Mitsuwa Market Place is a Japanese grocery mall that sells Japanese products ranging from food and appliances to books and cosmetics.
Wateishoku Kaneda is one of several food court vendors. Wateishoku (Or teishoku) means “fixed menu” and the entrée often comes with side dishes such as pickled vegetables and miso soup. Together with bento boxes, teishoku was introduced to the US and has become popular among Japanese food lovers. Kaneda offers a popular selection of teishoku. I ordered Tonkatsu Teishoku. I honestly did not have high expectations in terms of quality, however, the Tonkatsu was surprisingly thick and delicious – all for $10.
There is a bus route several times a day from Port Authority. It is a good half-day trip from Manhattan!
Price range: $10-$15
Neighborhood: Technically located in NJ, but good view of Manhattan
Dress code: Casual
Dining Alone: No concerns, very comfortable
Take Out: Yes
Hiding in a basement of an East Village townhouse, this one may be a little challenge to find. No signs are in front, and it seems there is no intention to welcome first timers like me. I found it by spotting a pair of chopsticks between the brown window blinds. This is similar to Kyoto where restaurants often are hidden within a busy marketplace.
I ordered sake, Koku Ryu, as a starter, which is hard to find even in Japan. The menu was like a treasure box of Japanese authentic cuisine. I chose assorted sashimi (5 or 6 pieces), Kurobuta Kakuni slowly cooked pure berkshire pork belly, Black Cod Miso Glaze, and rice with miso soup. I believe that today’s highlight is having super fresh sashimi with Koku Ryu, Sake from Fukui. It is famous for best match with seasonal seafood.
Price: $117.58 for my selection
Dinning alone: Slightly uncomfortable, but counter is available
Dress code: High-end casual
Reservation: Strongly recommended
Atmosphere: Cozy modern Japanese architecture with warm woods. Quiet environment, excellent for an anniversary or special occasion. You can enjoy “Kyoto” feeling.
While I was walking toward Penn Station, I stumbled across a café with a bright white façade. For some reason I immediately sensed this was a Japanese restaurant, even before seeing the menu or name. I couldn’t stop myself from entering, and except for the size, all features of the restaurant reminded me of Tokyo.
They offer a combination plate at a reasonable price. One can select two Omusubis (rice balls) from a variety of savory selections along with a soup made from different, innovative miso-fusion recipes. I got Kinoko Omusubi and Beef Oinari-San from Omusubi selections. Kinoko Omusubi contains pieces of mushrooms and zucchini in soy tasted rice. Beef Oinari is a sushi filled into deep fried tofu, flavoured with beef shigure-ni. I saw more unique Omusubis on the menu such as Italian, Hawaiian. It seemed all sold out by the time I was there; I definitely want to try these next time.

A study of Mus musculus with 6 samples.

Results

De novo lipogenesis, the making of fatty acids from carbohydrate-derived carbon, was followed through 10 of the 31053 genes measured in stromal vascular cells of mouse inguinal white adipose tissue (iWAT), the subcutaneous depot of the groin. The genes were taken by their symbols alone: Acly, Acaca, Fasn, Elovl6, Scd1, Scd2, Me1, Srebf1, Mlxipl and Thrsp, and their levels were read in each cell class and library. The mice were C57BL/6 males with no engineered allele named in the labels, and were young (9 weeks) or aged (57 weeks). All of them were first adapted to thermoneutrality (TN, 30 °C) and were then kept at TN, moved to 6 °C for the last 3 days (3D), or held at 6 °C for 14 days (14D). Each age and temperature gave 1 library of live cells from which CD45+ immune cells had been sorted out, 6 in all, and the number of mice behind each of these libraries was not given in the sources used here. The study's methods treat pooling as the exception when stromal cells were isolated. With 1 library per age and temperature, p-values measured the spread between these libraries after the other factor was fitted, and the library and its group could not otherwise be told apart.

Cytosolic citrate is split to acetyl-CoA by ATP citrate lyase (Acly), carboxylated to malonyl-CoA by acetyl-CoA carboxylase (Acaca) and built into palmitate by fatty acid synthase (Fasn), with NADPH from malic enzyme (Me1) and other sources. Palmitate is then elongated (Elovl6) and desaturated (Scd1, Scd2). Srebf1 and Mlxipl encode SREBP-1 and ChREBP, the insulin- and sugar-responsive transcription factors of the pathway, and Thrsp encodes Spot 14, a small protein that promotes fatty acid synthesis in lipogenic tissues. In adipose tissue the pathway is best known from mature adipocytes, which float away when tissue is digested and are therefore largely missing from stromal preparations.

Price: $10-$20 per person, Neighbourhood: Midtown
Dress code: Casual, Dining Alone: Comfortable, no concern
Cleanliness: 5 stars, outstanding
Take out: Yes
In my opinion, there are three types of Japanese restaurants outside of Japan. First is an authentic one operated and managed by native Japanese chefs. Most of these restaurants originated to serve Japanese expatriates, embassy personnel, and other citizens living abroad. However, as Japanese food entered in to the main stream and gained popularity, it attracted more and more local food enthusiasts. Most dishes offered authentic, high quality ingredients similarly offered back at home.
Second is contemporary Japanese fusion. This category is typically run by chefs whose mission is to deliver innovative food strongly inspired and influenced by Japanese culture. I personally love these restaurants because it is so fun to see their ideas and expressed creativity. When I lived in Texas, I often dined at Uchi Restaurant run by Tyson Cole. I really enjoyed his interpretation of Japanese traditions that were converted into contemporary delicious recipes. For example, Cole’s Maguro sashimi and goat cheese was one of my favorite appetizers – and this combination won’t easily be found anywhere in Tokyo!
The third category is a general “Asian Grill and Sushi” type of restaurant, and this style can be easily found all over the world. The majority of this group started as offsets of other Asian restaurants, such as Chinese, where Japanese dishes were simply added to menus for better profits. Sometimes I ask myself what are the ingredients contained in my ordered food, and how does the restaurant handle both raw seafood and woks in the same kitchen, as sashimi-grade seafood requires sensitive and delicate handling.
Wherever I lived in my life thus far, I was always asked which Japanese restaurants are the best. Even though the short answer should be “it depends”, I always try my best to give a personalized answer based on the need (first date, business dinner, reunion with a close friend, and so on). I tried to visit as many authentic Japanese restaurants in cities where not only could I discover delicious food, but also share my knowledge and experiences. In fact, this is how I started my quest to identify the best culinary finds!
Now I live in NYC – a place that offers a variety of food from around the globe – and am excited to explore and share reviews of many different Japanese restaurants.
NinjaNYC started this blog to introduce good Japanese cuisine in New York City.